PATIENT satisfaction with GP services in Oxfordshire has dropped to its lowest ever level, new figures show.

Each spring, NHS England and market research company Ipsos Mori survey patients across England on how they feel about their local GP services.

Between January and April more than 700,000 people responded – including 9,281 patients in the NHS Oxfordshire CCG area.


The survey further found that 29.6 per cent of people with long-term health conditions do not feel they have had enough support from local services – up from 20.9 per cent last year.

Beccy Baird, senior fellow at independent think tank the King’s Fund, said: “For many of us, general practice is the front door to the NHS – these results show that patients are finding that door increasingly hard to push open.

“GPs are working harder than ever before, yet these findings show a dramatic fall in patients’ experience of getting an appointment.


“Practices can’t recruit enough GPs, nurses or other professionals to meet the rising levels of need, because in many cases those staff simply don’t exist."

The results also show 21.6 per cent of respondents in Oxfordshire had avoided booking a necessary GP appointment because they did not want to burden the NHS, and 10.6 per cent because they did not want to risk catching coronavirus.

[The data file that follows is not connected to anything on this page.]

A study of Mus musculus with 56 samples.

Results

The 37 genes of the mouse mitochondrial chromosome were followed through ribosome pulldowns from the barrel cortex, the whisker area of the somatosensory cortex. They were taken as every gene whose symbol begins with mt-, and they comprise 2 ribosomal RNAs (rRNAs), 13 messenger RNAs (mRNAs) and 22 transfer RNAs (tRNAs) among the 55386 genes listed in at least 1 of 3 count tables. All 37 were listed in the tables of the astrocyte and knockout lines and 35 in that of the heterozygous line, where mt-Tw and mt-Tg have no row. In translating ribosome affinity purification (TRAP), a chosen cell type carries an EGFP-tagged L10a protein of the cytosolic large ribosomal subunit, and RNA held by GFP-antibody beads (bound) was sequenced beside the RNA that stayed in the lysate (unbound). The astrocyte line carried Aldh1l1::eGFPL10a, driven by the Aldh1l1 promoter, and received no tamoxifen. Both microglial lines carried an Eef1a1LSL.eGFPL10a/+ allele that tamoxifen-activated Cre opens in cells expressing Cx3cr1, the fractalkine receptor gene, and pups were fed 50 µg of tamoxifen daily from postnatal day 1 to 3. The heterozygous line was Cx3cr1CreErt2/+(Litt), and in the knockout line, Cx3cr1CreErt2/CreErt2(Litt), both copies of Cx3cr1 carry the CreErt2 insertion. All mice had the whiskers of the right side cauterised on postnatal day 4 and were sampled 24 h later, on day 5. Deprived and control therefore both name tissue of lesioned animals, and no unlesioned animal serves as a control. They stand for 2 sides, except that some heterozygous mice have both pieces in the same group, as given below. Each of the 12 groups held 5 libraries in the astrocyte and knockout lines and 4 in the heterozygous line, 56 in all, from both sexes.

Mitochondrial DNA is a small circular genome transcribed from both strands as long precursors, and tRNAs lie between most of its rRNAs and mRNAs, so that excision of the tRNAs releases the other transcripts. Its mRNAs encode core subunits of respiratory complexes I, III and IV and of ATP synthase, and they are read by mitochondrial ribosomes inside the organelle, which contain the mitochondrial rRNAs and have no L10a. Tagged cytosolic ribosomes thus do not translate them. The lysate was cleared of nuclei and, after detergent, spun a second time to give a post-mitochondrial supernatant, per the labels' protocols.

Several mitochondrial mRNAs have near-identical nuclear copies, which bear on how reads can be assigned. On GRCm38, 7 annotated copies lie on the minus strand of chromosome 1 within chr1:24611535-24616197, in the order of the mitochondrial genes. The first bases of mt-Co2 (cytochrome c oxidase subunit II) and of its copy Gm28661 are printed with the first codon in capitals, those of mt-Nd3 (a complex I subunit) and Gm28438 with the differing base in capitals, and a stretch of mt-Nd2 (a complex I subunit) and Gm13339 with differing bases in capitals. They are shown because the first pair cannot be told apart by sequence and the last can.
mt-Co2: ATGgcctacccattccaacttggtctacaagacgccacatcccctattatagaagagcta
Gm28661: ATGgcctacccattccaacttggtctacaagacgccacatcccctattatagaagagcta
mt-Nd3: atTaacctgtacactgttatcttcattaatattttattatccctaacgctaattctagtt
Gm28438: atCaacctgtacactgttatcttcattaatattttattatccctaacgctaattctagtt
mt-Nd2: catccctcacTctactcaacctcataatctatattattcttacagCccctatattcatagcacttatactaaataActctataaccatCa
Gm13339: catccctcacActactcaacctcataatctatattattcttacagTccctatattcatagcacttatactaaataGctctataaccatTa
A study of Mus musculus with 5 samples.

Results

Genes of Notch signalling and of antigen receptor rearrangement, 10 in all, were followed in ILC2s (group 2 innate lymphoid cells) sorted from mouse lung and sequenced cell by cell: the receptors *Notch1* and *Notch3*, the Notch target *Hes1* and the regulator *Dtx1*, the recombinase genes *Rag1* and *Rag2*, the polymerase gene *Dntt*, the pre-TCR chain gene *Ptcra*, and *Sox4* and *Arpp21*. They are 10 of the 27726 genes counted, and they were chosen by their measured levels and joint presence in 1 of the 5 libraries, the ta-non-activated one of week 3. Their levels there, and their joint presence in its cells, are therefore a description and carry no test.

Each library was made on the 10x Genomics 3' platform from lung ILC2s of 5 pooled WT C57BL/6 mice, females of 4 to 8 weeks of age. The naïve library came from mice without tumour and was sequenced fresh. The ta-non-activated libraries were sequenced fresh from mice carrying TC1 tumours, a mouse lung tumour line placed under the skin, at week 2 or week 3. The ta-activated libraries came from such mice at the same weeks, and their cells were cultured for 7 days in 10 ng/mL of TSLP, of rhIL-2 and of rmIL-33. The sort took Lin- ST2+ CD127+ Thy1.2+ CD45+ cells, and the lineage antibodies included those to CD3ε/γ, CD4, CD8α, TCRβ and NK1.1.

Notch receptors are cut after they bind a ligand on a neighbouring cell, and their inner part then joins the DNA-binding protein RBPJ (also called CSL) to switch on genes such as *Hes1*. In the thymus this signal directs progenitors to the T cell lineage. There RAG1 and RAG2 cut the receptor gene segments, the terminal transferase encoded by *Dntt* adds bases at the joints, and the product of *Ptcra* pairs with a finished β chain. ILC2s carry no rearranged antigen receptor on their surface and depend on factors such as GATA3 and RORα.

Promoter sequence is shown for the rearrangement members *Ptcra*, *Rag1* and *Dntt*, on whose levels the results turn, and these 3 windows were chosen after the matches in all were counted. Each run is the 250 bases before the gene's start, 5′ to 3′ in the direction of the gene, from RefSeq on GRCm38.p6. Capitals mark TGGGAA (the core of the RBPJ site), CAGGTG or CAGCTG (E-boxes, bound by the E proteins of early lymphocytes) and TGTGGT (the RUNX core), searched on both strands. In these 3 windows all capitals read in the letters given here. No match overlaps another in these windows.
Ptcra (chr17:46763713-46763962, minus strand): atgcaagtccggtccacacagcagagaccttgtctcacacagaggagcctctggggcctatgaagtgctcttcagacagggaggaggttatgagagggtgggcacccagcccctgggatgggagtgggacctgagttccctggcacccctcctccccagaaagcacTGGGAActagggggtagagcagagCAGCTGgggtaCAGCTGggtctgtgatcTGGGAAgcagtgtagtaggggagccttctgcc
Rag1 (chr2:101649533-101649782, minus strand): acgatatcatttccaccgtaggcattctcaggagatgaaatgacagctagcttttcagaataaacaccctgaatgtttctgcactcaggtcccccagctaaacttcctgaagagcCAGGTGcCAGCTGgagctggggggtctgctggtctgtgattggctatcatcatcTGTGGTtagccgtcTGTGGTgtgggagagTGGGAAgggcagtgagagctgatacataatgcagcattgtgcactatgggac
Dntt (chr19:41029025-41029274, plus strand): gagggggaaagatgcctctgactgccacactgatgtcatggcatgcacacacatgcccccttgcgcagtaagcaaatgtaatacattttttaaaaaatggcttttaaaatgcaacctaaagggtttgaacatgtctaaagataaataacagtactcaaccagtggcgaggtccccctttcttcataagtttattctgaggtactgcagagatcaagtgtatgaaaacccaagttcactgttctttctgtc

Professor Martin Marshall, chairman of the Royal College of GPs, a membership body for the profession, said: “These findings reflect an over-stretched service, with GPs and our teams doing our best for patients under intense workload and workforce pressures.

“Ultimately, GPs, our teams and patients want the same thing – access to high quality and timely care – and we share patients’ frustrations when this can’t be delivered.”

Across England, satisfaction was at its lowest level on record, with 72 per cent of respondents describing their overall experience as “good” – down from 83 per cent last year.


An NHS spokeswoman said the NHS is “determined” to make it easier to get an appointment, which is why the health service has invested record amounts in primary care, including offering a new telephone service which increases the number of phone lines practices have for patients.